A barn owl box is displayed during a workshop on beneficial birds near Woodland, Calif., in 2019.

Beneficial birds can control codling moth in walnuts

Adding birds into the pest control system reduced larval numbers by 46%.

Attracting beneficial birds to an orchard could result in a significant reduction of codling moth, a key pest in walnuts, according to researchers.

University of California Cooperative Extension farm advisor Rachael Long and UC, Davis researcher Sacha Heath found that adding birds into the pest control system reduced codling moth larval numbers by 46%, they reported in 2019.

Nuttall’s woodpeckers and white-breasted nuthatches did much of the work, as they travel up and down the trunks of trees searching for insects, the two scientists observed.

"There’s a lot of data out there that show birds are incredible predators of these pests," Long told about 100 growers and others at a March 4 workshop in Woodland, Calif.

As Long explains, codling moth is a major worm-like pest that infects walnuts, apples and pears. The larvae go dormant during winter, living in cocoons in crevices of trees, then adult moths emerge in the spring, lay eggs and infest crops.

First flight

According to the UC’s Statewide Integrated Pest Management Program, the first flight of codling moth typically starts sometime from early March to early April, and the flight of the overwintered generation can last several months as the moths lay generations of eggs.

Later generations that emerge by midsummer can cause significant damage, as older larvae leave the nuts and move to tree trunks or debris to spin cocoons and overwinter and occasionally some larvae can be present in harvested nuts.

Feeding damage to the kernel makes the nut unmarketable and can also create a breeding site for the navel orangeworm, according to UC IPM. Left uncontrolled, codling moths can damage up to 40% of the crop.

In a recent study, Long and Heath evaluated bird predation of codling moth using "sentinel prey" and exclosure cages. They glued codling moth cocoons to walnut trunks and covered them with cages, allowing insects and spiders to access the cocoons but not bird predators. This allowed them to count how many larvae were eaten inside and outside of the cages to estimate pest reduction by birds, they explained in a blog post.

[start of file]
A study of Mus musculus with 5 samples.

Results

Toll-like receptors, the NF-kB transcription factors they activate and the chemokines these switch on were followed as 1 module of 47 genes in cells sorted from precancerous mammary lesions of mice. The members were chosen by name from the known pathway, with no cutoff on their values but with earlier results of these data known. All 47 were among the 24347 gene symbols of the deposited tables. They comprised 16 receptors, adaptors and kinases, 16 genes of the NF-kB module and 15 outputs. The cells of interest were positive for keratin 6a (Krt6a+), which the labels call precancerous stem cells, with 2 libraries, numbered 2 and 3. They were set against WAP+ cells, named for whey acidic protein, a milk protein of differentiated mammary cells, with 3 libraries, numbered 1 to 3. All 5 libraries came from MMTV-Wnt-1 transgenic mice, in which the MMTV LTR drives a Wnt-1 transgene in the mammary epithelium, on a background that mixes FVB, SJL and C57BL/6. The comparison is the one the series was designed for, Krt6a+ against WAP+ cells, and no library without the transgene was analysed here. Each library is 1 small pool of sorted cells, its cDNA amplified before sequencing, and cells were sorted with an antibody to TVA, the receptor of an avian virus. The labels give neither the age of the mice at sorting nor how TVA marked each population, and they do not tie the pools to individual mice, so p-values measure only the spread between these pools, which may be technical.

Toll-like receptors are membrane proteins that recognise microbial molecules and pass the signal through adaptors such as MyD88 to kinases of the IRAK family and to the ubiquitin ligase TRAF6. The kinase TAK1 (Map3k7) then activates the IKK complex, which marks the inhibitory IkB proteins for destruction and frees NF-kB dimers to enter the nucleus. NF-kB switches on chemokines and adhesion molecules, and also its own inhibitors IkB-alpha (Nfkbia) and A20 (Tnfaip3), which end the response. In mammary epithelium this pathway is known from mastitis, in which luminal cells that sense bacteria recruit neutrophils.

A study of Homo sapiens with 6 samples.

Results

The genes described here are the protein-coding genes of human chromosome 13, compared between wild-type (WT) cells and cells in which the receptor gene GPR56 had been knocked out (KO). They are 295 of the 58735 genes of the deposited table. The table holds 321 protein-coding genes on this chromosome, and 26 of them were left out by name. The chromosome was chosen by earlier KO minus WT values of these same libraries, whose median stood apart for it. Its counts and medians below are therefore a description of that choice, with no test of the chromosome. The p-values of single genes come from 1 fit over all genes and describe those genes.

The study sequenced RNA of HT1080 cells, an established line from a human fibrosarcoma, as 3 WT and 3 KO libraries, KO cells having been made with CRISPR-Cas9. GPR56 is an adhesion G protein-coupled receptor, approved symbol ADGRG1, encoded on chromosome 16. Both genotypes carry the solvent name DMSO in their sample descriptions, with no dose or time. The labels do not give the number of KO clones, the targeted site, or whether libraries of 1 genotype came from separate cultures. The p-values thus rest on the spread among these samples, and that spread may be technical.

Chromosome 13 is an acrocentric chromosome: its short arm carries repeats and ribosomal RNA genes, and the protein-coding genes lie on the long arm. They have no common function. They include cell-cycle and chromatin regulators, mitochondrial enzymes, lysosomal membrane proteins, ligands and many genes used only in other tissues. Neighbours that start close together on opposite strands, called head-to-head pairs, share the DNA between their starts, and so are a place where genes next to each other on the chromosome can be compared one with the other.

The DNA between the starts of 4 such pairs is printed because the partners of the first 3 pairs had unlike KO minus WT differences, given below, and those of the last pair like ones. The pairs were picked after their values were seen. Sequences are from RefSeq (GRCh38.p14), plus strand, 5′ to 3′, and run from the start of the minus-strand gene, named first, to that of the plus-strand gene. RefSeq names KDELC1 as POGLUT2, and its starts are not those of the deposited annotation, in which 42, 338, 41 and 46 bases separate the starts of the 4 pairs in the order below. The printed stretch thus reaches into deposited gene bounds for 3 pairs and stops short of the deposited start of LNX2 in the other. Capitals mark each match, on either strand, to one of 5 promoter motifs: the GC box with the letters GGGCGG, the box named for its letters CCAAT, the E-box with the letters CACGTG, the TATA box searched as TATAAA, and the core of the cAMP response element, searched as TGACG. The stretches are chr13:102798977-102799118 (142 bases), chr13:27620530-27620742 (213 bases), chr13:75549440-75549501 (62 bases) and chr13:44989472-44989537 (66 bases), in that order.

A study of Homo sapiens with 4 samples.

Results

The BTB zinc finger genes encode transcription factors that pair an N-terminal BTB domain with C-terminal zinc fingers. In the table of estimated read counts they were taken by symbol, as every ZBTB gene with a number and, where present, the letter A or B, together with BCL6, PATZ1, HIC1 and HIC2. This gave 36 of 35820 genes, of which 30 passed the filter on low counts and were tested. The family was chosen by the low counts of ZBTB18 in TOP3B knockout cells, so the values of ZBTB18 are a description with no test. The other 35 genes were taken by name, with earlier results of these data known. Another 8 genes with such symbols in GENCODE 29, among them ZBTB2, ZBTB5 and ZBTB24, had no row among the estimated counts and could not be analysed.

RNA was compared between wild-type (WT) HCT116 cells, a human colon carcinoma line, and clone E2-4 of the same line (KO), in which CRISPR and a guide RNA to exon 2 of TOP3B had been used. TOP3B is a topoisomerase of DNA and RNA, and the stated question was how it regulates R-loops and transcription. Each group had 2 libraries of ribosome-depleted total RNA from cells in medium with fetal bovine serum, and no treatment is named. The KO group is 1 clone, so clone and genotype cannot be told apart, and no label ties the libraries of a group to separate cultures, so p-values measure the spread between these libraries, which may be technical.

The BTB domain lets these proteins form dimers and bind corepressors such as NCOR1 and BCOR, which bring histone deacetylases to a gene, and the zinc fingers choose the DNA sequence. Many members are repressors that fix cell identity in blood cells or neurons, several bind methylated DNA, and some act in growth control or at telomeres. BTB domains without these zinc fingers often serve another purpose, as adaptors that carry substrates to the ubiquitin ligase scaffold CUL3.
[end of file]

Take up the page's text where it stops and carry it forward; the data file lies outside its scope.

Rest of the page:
They found that natural enemies alone such as parasitic wasps and lacewings reduced codling moth larval numbers by 11%. Adding birds into the mix resulted in a much greater reduction.

"We monitored 10 different species of birds" to see which were the most voracious predators, Long said during the workshop.

Benefits of birds

Scientists and conservationists in recent years have been touting the benefits of encouraging some bird species near farm fields. A growing number of farmers of various commodities are looking to birds as a natural means of controlling pests as state regulators cast an ever more wary eye on the use of chemical pesticides.

Some birds are more beneficial than others, according to Sara Kross, a program director at Columbia University’s Department of Ecology, Evolution and Environmental Biology. Songbirds in nest boxes or vegetative habitat are particularly good at insect control, while raptors in artificial perches, nest boxes or habitat help control other birds and rodents, Kross said during a field day in 2019. Herons and egrets attack rodents in flood-irrigated fields, she added.

"California’s Central Valley has some of the best farmland in the world, but there’s very little natural habitat for birds," Long said during the March 4 workshop. "So a lot of birds are foraging in ag lands.

"As we get a decline in overall natural habitat, bird numbers go down, but they are going up in ag lands," she said.

She pointed to the rice industry as a "success story," attracting ducks and geese in the Pacific Flyway that mash the rice straw and help it decompose. In alfalfa fields, birds feed on the gophers that are flushed out of holes during irrigation, she said. However, "bird diversity is somewhat declining," she said.

The abundance of bird species is much greater in fields and orchards near dedicated habitat, she explained. "Habitat around farms is important for beneficial insects as well as for birds," she said.

"You have to be careful what you select," she added, noting that some bird species are pests to a given crop.

For more news on tree nuts as reported by growers and farm advisors, subscribe to the Tree Nut Farm Press e-newsletter.